The Southern Nevada Home Builders Association hosted a special presentation about the “aging in place” movement in the building and remodeling industry.
The term “aging in place” refers to a person’s ability to live in her home safely, independently and comfortably, regardless of age or ability level. For homebuilders, that means including features, such as wider doorways and halls, brighter lighting and larger, barrier-free rooms. Such features will allow the homebuyers to stay in their new home for many years instead of relocating to housing that offers features and services geared for the aged and disabled.
Survey after survey tells us that mature homeowners plan to stay in their homes for as long as possible during their senior years. We were fortunate to have as our guest speaker Curt Kiriu, president of CK Independent Living Builders in Hawaii. Kiriu is an education official with the National Association of Home Builders, of which SNHBA is the local affiliate.
He was named the NAHB Certified Aging in Place Specialist Educator of the Year for 2016.
He’s the vice chairperson of the NAHB Certified Aging in Place Specialist board of directors. He wears other hats at NAHB and the BIA-Hawaii Building Industry Association board of directors.
In addition to his professional experience with “aging in place,” Curt has personal experiences, too. He was his father’s caregiver for 17 years after his mother passed away. Curt has won a number of awards for his efforts to improve the lives of the aged and those who care for them, especially in the home environment.
“Aging in place” education is one of the fastest-growing education programs at the National Association of Home Builders. The courses and “Certified Aging in Place Specialist” designation are attracting a variety of professionals. In addition to builders, remodelers, architects and interior designers, other participants include physical and occupational therapists, nurses, realtors, financial planners, medical-supply store owners and managers and urban planners.
The NAHB Remodelers Council, NAHB 50+Housing Council, the Home Innovation Research Lab and AARP developed the program to address the growing number of consumers who will soon require housing that is appropriate for the aging. The estimated 76 million baby boomers, who were born between 1946 and 1964, have reached the demographic category of “senior citizen.” About 10,000 boomers turn age 65 every day, and will continue to do so for the next 16 years.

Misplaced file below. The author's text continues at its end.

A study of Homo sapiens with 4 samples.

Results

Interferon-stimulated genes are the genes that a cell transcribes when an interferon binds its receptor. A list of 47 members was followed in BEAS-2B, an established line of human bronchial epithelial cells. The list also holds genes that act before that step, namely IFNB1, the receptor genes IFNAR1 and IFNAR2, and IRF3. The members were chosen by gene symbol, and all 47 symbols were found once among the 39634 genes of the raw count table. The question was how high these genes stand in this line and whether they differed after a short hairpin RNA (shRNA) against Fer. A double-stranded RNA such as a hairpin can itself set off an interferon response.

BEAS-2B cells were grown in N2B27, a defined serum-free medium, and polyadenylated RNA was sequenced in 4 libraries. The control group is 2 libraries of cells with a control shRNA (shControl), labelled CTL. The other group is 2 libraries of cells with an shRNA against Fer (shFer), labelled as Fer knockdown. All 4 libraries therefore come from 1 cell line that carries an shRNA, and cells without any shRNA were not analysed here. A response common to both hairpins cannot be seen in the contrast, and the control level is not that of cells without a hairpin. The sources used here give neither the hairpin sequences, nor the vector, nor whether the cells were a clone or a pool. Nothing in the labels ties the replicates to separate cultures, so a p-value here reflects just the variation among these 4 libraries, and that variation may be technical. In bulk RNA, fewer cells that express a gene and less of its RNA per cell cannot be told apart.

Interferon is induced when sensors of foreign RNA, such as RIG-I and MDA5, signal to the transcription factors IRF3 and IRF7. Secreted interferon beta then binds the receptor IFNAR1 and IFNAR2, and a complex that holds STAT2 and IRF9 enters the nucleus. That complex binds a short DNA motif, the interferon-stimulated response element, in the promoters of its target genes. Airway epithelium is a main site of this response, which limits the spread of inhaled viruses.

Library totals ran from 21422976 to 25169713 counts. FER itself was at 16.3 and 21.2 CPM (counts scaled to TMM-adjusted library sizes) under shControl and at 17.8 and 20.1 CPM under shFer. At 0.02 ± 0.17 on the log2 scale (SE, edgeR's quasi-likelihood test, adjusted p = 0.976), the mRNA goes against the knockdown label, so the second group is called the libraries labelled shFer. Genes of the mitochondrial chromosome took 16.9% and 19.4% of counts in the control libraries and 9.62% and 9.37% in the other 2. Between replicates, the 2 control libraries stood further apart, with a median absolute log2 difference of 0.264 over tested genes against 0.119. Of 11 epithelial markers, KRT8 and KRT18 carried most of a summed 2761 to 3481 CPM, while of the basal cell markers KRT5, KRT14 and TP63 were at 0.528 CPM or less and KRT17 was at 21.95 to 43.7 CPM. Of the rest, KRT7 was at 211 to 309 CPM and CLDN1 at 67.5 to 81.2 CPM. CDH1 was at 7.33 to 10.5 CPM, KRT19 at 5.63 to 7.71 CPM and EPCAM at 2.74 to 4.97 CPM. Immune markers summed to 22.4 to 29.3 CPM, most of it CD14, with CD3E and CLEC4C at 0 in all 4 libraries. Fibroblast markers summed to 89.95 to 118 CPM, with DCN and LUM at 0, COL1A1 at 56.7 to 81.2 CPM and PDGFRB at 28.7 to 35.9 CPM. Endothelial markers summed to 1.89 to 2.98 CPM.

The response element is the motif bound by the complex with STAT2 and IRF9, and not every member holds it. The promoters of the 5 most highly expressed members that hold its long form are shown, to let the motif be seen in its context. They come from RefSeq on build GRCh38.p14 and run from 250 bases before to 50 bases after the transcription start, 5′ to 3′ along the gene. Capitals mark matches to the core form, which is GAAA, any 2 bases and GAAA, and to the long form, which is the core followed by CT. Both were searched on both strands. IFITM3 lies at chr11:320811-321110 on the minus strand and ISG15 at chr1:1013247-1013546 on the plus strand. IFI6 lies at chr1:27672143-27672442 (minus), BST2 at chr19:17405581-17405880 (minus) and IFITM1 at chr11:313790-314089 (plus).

Although this movement started in the remodeling category, it has spread to new-home construction. In addition to wider doors and halls, brighter lighting and flexible living space, other features and amenities that some builders include are remote control lighting and security, pull-out drawers in kitchens, baths and pantries, decorative “grab bars” that don’t look like medical grab bars in the baths, magnification viewers on entry door peep holes, trench drains in the showers to eliminate drains and sloping in the center of the showers …. and the list continues. The research and development industry is coming up with new, innovate products every year.
The challenge will remain, for now, to produce housing that meets the needs and wants of buyers at an affordable price point.
But don’t be surprised if you see more “aging in place” features and amenities coming to the Las Vegas housing market. You can read more about the “aging in place” movement at the websites, nahb.org and aarp.org.
Send your questions or comments about new homes to firstname.lastname@example.org. We will try to answer as many questions as we can given space and time limitations and constraints. For more information about SNHBA, visit snhba.com.
Nat Hodgson is the executive director and past president of the Southern Nevada Home Builders Association. He has been involved in the local home building industry since 1993, and is a former board member of the Nevada State Contractors Board regulatory agency. SNHBA is the largest and oldest trade organization representing the residential construction industry in Nevada.